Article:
The euro zone's overpriced housing market may sag if mortgage rates rise faster than inflation, exposing debt-fuelled bubbles in some countries, the European Central Bank said today.

In its Financial Stability Review, the ECB also warned about further falls in asset prices if the economic outlook deteriorates as a result of the war in Ukraine or inflation turns out to be much higher than expected.

Euro zone house prices have been on a tear for years, even accelerating during the coronavirus pandemic as the ECB's own ultra-easy policy pushed mortgage rates below zero after taking out inflation.

The ECB, which is set to raise its main interest rate in July for the first time in a decade, estimated homes in the euro zone were now nearly 15% over-valued on average and up to 60% in some countries, based on the relationship between prices and income.

It warned that home prices could fall by between 0.83% and 1.17% for every 10-basis-point increase in mortgage rates after adjusting for inflation.

"An abrupt increase in real interest rates could induce house price corrections in the near term, with the current low level of interest rates making substantial house price reversals more likely," the ECB said in its biannual FSR.

It warned about a "price-loan spiral" in some countries' residential real estate markets.

Slovakia, Estonia and Lithuania were showing the fastest growth in both residential property prices and mortgage lending.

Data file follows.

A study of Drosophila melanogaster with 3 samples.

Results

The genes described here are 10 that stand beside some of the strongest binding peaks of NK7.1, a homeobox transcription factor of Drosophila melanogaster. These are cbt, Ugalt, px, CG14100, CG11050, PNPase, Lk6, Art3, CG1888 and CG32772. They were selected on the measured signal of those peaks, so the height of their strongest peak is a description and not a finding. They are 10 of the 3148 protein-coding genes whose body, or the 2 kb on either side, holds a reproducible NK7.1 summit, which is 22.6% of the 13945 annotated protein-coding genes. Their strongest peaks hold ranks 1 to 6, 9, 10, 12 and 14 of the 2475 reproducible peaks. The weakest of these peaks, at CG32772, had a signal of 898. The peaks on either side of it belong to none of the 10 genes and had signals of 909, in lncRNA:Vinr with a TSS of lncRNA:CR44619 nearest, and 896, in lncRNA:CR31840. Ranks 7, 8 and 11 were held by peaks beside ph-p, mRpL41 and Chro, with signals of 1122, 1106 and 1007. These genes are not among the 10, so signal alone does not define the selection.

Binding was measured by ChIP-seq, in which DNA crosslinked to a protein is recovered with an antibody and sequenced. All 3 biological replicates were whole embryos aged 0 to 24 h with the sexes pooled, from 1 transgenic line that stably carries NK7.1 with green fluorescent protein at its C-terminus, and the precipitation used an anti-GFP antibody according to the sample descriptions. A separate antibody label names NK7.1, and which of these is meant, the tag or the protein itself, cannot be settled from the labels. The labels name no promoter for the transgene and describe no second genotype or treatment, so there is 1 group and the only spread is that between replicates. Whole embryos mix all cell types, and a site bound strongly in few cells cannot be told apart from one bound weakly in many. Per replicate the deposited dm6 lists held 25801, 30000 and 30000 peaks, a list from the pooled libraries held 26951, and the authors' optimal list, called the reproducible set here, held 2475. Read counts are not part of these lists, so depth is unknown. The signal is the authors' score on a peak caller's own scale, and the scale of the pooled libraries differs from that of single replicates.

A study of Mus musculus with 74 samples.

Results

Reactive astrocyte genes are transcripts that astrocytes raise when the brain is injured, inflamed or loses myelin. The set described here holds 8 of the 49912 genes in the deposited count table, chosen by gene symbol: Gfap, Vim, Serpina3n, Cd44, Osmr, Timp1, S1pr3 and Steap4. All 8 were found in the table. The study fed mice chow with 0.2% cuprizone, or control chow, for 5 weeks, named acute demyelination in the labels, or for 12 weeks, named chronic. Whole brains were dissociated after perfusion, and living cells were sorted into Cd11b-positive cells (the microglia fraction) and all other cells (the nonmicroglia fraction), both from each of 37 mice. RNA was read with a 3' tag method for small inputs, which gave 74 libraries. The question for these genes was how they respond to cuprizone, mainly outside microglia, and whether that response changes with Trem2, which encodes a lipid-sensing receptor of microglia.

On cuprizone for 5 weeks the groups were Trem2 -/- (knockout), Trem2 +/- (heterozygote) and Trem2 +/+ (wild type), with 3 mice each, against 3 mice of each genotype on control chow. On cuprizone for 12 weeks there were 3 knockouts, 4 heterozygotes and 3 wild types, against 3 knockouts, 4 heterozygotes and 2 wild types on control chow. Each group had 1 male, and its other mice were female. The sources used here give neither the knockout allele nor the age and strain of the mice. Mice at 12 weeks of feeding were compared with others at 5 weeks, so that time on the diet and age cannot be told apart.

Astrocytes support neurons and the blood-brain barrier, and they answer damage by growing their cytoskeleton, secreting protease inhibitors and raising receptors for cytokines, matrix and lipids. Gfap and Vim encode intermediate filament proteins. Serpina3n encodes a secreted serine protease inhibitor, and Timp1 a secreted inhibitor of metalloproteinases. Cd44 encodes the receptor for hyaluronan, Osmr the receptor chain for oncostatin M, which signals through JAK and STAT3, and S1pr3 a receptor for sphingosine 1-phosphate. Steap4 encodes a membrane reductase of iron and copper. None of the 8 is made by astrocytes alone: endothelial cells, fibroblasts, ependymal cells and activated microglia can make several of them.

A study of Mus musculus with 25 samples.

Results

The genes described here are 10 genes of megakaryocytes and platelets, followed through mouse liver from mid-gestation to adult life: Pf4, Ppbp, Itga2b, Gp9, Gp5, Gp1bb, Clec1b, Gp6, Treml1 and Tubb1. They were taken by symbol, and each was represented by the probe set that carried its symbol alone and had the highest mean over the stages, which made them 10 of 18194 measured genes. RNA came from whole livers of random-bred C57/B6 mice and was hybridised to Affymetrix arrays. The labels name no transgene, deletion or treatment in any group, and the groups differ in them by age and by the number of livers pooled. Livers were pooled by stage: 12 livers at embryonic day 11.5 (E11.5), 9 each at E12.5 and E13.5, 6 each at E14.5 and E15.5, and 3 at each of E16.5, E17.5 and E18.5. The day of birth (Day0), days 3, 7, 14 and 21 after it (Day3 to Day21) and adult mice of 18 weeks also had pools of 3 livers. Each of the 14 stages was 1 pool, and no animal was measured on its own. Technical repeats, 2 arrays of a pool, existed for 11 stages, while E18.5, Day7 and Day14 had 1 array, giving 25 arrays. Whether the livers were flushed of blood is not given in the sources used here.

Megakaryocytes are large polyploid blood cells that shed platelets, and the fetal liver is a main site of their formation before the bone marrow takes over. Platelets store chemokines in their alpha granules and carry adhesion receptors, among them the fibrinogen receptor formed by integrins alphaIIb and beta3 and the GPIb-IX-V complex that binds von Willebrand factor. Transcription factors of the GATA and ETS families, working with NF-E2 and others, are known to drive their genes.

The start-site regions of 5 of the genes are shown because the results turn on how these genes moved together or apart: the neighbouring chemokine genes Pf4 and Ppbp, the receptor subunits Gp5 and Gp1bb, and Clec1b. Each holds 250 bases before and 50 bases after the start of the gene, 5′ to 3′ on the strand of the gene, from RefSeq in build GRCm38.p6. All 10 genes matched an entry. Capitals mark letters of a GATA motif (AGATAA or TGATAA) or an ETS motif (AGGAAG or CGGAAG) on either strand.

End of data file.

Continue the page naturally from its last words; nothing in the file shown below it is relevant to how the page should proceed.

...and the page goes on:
The largest household debt in relation to GDP was seen in the Netherlands, Cyprus and Greece.

Homeowners, however, are not the only potential victims of higher rates, with the ECB also flagging indebted governments and companies, as well as lower-income households, as being vulnerable.

The ECB repeated its call to implement curbs, such as telling banks to hold more capital against their property exposure, but cautioned any move should be weighed against headwinds to growth from Russia's invasion of Ukraine, which has made fuel more expensive.

It said the conflict had worsened financial stability conditions and fresh drops in asset prices could be on the cards.

"Further corrections in financial markets could be triggered by escalation of war, even weaker global growth or if monetary policy needs to adjust faster than expected," the ECB said.